The Bullet Point: A Commercial Law Bulletin
Can My Corporate Veil Be Pierced? The Bullet Point: Volume 3, Issue 20Read Time: 3 mins
Ohio Business Opportunity Act (BOPA)
Burger Dynasty, Inc. v. Bar 145 Franchising, LLC, 6th Dist. Lucas No. L-19-1027, 2019-Ohio-4006.
This appeal involved various claims, including those under the Ohio Business Opportunity Act (BOPA) related to the purchase of a restaurant franchise and the failure to provide a “notice of cancellation in a franchise agreement.”
The Bullet Point: The legislature enacted BOPA to “protect purchasers of business opportunity plans by requiring that sellers provide the purchasers with the information necessary to make an intelligent decision about the business plan being offered * * *” The purpose of the statute is to regulate the sale of business opportunity plans and to provide significant remedies “to those who have been misled by dishonest or negligent franchisors.” The plan must meet several conditions, including a requirement that the goods and services are supplied by the seller or a third party seller, and the purchaser is required to make an initial payment between $500 and $100,000 to the seller or an affiliate.
Further, in order to be beholden to BOPA’s requirements, the seller must make the following representations to the purchaser: (1) that the purchaser will be provided outlets, accounts, or assistance in finding those accounts for the distribution of the goods and services; (2) that the purchaser will be provided locations or assistance in finding locations for use in the distribution of goods or services; (3) that the purchaser can make a profit in excess of the initial payment; (4) that a market exists for the goods and services; and (5) that there is a buy-back agreement.
Piercing the Corporate Veil Theory
BINSARA, LLC v. Bolog, et. al., 5th Dist. Stark No. 2019CA00013, 2019-Ohio-4040.
In this appeal, the Fifth Appellate District found that the trial court did not err in considering a piercing the corporate veil theory against the defendants, despite dismissing a claim for fraud as a matter of law.
The Bullet Point: It is well-settled that shareholders, officers, and directors of a corporation are generally not liable for the debts of the corporation. This principal is not absolute. When a shareholder misuses the corporate form as a shield from liability for their own misdeeds, Ohio law will permit the piercing of the corporate veil as a rare exception to the guiding principles of limited shareholder liability. Thus, piercing the corporate veil is a judicial act that imposes personal liability on otherwise immune corporate officers, directors, or shareholders for the corporation’s wrongful acts. To determine whether to pierce the corporate veil, courts consider the following factors: (1) whether control over the corporation by those to be held liable was so complete that the corporation has no separate mind, will, or existence of its own, (2) whether control over the corporation by those to be held liable was exercised in such a manner as to commit fraud, an illegal act, or a similarly unlawful act against the person seeking to disregard the corporate entity, and (3) injury or unjust loss resulted to the plaintiff from such control and wrong.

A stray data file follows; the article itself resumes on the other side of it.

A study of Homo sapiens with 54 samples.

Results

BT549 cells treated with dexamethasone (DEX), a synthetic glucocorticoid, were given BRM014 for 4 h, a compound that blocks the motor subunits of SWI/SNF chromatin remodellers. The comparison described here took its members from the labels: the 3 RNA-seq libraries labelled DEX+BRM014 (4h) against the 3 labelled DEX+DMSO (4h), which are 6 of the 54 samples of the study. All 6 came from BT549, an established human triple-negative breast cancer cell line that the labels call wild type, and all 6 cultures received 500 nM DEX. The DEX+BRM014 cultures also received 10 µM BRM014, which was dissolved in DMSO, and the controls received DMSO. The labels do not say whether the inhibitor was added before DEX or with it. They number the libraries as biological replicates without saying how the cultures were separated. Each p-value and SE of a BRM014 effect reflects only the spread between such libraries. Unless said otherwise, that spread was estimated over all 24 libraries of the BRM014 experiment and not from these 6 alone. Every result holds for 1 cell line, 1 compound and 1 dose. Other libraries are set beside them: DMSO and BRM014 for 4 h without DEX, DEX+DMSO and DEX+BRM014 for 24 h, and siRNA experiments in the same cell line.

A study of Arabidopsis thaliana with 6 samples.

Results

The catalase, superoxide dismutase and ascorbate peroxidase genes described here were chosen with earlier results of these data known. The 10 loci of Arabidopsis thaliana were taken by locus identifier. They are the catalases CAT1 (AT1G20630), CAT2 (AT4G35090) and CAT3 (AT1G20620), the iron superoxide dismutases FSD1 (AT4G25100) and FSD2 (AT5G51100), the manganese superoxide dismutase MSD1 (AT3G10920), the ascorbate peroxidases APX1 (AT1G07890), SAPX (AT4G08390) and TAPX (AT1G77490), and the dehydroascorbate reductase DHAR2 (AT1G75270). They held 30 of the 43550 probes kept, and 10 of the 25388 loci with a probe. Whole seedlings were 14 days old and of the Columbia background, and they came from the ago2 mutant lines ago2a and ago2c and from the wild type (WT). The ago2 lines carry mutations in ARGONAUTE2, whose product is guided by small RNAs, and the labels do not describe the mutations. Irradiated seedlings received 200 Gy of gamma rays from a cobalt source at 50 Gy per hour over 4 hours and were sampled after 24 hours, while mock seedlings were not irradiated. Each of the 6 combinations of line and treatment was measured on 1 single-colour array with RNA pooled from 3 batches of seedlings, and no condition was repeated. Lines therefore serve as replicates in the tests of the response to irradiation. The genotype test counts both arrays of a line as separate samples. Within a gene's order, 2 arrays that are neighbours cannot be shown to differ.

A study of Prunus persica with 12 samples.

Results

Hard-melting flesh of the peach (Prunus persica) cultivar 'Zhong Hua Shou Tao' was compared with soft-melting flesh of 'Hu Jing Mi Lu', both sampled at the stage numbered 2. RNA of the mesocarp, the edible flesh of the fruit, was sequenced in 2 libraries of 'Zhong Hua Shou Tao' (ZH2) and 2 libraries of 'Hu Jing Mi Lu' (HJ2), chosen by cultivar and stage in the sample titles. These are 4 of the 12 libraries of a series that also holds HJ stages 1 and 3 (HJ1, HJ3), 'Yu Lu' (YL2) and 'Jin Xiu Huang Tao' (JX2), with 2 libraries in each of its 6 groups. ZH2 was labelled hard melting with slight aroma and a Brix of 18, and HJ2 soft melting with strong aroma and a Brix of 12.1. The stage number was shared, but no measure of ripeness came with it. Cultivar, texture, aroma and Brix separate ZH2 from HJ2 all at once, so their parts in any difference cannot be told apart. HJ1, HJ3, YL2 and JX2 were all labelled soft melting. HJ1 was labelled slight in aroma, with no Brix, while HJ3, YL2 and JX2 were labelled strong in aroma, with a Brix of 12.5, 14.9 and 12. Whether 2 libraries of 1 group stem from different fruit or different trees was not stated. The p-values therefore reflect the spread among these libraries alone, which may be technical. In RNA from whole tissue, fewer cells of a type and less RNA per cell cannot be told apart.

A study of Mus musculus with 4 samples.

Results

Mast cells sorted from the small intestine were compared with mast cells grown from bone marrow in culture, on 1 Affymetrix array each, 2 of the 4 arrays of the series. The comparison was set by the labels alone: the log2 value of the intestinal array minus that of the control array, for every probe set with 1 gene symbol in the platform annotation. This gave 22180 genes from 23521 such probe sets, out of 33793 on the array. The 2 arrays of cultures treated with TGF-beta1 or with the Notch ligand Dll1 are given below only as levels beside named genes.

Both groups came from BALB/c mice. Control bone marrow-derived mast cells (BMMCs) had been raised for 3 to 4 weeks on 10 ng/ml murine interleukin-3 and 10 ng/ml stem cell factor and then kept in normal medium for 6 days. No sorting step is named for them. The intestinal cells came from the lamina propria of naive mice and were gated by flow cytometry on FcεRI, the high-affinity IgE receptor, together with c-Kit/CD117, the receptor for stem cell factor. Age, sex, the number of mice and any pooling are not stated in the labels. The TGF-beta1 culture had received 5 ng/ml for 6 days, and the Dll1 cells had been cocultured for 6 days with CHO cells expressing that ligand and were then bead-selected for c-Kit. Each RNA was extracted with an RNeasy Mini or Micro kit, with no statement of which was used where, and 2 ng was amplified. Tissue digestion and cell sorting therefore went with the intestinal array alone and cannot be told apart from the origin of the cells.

Ohio’s Savings Statute
U.S. Bank Trust N.A. v. Collins, 8th Dist. Cuyahoga No. 108344, 2019-Ohio-4067.
In this appeal, the Eighth Appellate District found that a lawsuit that might have been barred by the statute of limitations was saved from dismissal by Ohio’s savings statute.
The Bullet Point: Ohio Savings Statute, R.C. 2305.19, affords a plaintiff a limited period of time to refile a dismissed claim that would otherwise be time barred. Thus, “[i]n certain instances, [R.C. 2305.19] operates to save timely filed actions by permitting a party to refile its complaint or file a new action within one year of a dismissal otherwise than on the merits.”
Court Compelled Forensic Imaging
Allied Debt Collection of Virginia, LLC, v. Nautica Entertainment, LLC, 8th Dist. Cuyahoga No. 107678, 2019-Ohio-4055.
In this appeal, the Eighth Appellate District found that while the trial court’s decision to order a “mirror image” of a computer belonging to an employee of the defendant was proper, it found that the trial court failed to provide adequate safeguards to protect the confidentiality of information on the computer to be imaged.
The Bullet Point: A forensic image, also known as a “mirror image,” will “‘replicate bit for bit, sector for sector’” all allocated and unallocated space on a computer’s hard drive, including any embedded, residual, and deleted data. Courts are generally reluctant to compel forensic imaging “largely due to the risk that the imaging will improperly expose privileged and confidential material contained on the hard drive.” To determine whether forensic imaging is warranted, as opposed to standard discovery procedures, the trial court must (1) weigh the parties’ interest in obtaining discovery against privacy concerns; and (2) institute a protective protocol to ensure that forensic imaging is not unduly intrusive.
The Bullet Point is a biweekly update of recent, unique, and impactful cases in Ohio state and federal courts in the area of commercial litigation.